My niece, Tori, was married last weekend. I gave her the same advice that I was given when I got married: “Never go to bed angry at your spouse,” I shared. “Your aunt Carolyn and I have never gone to bed mad. Although, one year, we were wide awake for three months straight.” Now, Tori married Silas – a Swiss citizen. No problem there. She’s in for great chocolate, private banking and reliable watches.
But what if she had married an American? The fact is, there can be special tax and estate challenges in these cases. Here’s a primer on key planning issues for cross-border couples where one is a U.S. person (a U.S. citizen, long-term resident or green card holder).
The United States levies an estate tax on the worldwide estate of U.S. citizens (and long-term residents of the U.S.). This estate tax applies broadly, to more assets, than what the Canada Revenue Agency will tax when you pass away. For example, the U.S. estate tax can apply to life insurance proceeds paid out when the U.S. person dies, or to assets in trusts established by or for the benefit of the deceased. This is in addition to the other assets owned by the U.S. person at the time of death.
Most couples aim to pass their assets from the deceased to the surviving spouse on a tax-free basis so that the survivor can continue to enjoy those assets during their lifetime. But this will take careful planning if one spouse is a U.S. person. Holding assets in joint names, or simply leaving everything to your surviving spouse might cause greater U.S. estate tax problems if the Canadian spouse dies first.
If you’re the Canadian spouse, it might make sense for your will to provide that, if you die first, a properly structured trust is set up for the benefit of your U.S. spouse. This trust should allow your U.S. spouse appropriate use of your assets and should allow your spouse to use up his or her U.S. estate tax exemption later when they die, but should ensure that no unnecessary estate taxes are paid.
What if the U.S. spouse dies first? The planning should allow for use of the U.S. estate tax exemption and other credits or deductions (there’s a marital credit that can help to reduce the estate tax burden if assets are left to the Canadian spouse). To the extent there’s going to be an estate tax bill even after the exemptions and credits, consult a tax pro for other ideas available to reduce this exposure.
Finally, the estate tax exemption in 2019 is a healthy US$11.4-million, but this exemption was bumped up by U.S. President Donald Trump’s Tax Cuts and Jobs Act in 2017, and the increase is due to be repealed after 2025, reducing the exemption to its old value of half this amount. The estate tax is a controversial matter, with many politicians south of the border calling for a significant increase to the tax. So, the wise person will plan for the worst and hope for the best.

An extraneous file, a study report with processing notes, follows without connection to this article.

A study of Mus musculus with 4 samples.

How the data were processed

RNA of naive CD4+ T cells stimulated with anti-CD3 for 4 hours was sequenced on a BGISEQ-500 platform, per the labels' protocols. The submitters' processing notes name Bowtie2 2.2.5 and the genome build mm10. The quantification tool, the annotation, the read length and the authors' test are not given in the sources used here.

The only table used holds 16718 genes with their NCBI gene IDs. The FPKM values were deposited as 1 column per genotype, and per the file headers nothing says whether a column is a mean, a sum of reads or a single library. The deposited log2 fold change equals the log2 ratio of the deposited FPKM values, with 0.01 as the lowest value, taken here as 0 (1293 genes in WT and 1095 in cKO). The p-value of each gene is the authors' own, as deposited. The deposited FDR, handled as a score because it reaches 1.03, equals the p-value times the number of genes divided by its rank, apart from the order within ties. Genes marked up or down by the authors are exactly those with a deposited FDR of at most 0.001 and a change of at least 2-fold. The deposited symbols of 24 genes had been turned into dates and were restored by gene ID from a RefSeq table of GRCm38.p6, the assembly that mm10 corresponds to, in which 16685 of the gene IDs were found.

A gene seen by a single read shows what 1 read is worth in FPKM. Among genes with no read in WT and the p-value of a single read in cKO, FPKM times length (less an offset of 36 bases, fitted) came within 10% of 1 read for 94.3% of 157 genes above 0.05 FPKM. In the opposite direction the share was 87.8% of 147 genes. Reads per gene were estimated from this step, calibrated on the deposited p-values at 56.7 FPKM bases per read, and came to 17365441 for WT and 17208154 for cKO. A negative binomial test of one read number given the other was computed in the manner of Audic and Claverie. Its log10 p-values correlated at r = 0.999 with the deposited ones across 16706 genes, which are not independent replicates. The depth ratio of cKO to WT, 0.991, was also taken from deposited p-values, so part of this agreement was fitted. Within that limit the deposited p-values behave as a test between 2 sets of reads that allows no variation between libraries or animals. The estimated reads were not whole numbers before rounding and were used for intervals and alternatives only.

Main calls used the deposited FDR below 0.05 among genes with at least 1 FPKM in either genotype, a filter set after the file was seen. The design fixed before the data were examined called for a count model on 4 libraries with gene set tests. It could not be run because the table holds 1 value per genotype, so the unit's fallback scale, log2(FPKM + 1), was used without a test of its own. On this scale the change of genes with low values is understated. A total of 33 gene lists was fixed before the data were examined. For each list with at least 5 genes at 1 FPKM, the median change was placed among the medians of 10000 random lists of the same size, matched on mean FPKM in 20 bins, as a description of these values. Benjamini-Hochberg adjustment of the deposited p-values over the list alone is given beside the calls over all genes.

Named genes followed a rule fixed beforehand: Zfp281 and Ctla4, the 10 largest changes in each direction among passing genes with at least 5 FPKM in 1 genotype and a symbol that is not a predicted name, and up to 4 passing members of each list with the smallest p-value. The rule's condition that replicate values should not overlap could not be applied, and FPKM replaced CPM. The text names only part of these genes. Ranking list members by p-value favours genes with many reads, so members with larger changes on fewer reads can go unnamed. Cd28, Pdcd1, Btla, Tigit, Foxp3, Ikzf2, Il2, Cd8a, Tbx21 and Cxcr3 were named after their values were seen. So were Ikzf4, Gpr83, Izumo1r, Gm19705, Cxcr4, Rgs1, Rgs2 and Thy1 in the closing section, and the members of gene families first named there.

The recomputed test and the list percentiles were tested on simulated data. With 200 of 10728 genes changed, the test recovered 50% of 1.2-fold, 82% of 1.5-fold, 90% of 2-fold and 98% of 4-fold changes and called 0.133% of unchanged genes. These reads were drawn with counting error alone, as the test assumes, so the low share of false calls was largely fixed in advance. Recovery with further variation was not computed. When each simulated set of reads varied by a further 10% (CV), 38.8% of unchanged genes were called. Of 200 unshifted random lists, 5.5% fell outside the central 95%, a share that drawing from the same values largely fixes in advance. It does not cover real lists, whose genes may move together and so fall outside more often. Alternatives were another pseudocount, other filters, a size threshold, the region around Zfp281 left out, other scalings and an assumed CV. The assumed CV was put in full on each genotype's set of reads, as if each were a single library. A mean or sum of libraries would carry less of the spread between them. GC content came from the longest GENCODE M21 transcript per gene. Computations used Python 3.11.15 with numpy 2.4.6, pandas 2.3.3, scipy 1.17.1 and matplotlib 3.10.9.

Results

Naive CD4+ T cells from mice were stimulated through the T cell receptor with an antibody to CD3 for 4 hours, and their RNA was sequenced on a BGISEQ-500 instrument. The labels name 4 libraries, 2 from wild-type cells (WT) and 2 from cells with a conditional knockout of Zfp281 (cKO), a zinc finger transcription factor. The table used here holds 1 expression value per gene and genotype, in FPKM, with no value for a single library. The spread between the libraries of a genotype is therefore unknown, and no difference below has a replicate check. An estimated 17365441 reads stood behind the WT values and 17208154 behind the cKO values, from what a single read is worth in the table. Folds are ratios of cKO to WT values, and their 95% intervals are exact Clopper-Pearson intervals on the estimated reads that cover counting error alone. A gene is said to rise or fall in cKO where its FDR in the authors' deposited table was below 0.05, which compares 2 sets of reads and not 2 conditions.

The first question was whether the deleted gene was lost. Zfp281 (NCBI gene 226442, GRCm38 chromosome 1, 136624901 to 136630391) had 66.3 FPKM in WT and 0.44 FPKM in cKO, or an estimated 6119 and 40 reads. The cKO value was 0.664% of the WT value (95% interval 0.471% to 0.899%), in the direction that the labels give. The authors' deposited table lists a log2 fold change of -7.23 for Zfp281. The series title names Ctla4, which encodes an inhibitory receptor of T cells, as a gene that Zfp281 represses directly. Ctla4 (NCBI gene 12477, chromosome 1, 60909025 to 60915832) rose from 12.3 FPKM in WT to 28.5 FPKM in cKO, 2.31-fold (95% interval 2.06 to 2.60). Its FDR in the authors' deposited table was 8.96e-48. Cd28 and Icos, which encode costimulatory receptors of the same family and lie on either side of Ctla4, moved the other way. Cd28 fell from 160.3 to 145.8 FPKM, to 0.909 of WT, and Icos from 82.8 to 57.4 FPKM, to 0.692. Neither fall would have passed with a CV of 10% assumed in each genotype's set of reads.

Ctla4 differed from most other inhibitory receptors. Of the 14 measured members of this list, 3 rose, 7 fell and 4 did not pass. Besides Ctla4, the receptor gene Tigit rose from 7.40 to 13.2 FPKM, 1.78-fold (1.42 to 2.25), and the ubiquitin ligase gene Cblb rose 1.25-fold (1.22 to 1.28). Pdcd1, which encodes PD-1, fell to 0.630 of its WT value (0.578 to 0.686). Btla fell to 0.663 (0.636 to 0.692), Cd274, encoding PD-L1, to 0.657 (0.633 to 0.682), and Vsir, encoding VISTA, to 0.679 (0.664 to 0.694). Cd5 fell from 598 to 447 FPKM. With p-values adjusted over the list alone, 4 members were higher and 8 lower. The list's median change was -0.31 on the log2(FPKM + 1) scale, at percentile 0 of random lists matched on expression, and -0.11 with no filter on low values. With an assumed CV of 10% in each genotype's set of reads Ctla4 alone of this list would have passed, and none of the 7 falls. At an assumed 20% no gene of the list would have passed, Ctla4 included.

The United States applies a gift tax if a U.S. person gives assets to someone else. There’s an unlimited exemption available for any gifts made to a U.S. spouse, but not so if the spouse receiving the gift is a Canadian and not a U.S. person. In this case, the U.S. will allow the first US$155,000 (in 2019) in each calendar year to be given to the non-U.S. spouse without the gift tax. One silver lining is that making gifts within this limit will reduce the estate of the U.S. spouse and could thereby reduce the estate tax owing by that U.S. spouse on death. A U.S. spouse can also give up to US$15,000 (in 2019) annually to any person other than the non-U.S. spouse (to each child, for example).
In Canada, it’s common planning to leave assets to a “spousal trust” for a spouse upon death (to provide asset protection, for example). Any assets left to a spousal trust will transfer without Canadian capital gains taxes upon death. If the surviving spouse, however, is a U.S. person, any withdrawals from the spousal trust that are subsequently gifted to someone else (to the kids, for example), could be subject to U.S. gift taxes. It may be better to split the estate assets between a spousal trust (for assets that would otherwise face capital gains taxes on your death) and a regular family trust (for non-appreciated assets) from which gifts to the kids can be made.
Finally, if one spouse is a U.S. citizen and grew up in the United States, it could be that your kids will be U.S. citizens, too. They may need special planning later in life as well.
Tim Cestnick, FCPA, FCA, CPA(IL), CFP, TEP, is an author, and co-founder and CEO of Our Family Office Inc. He can be reached at firstname.lastname@example.org.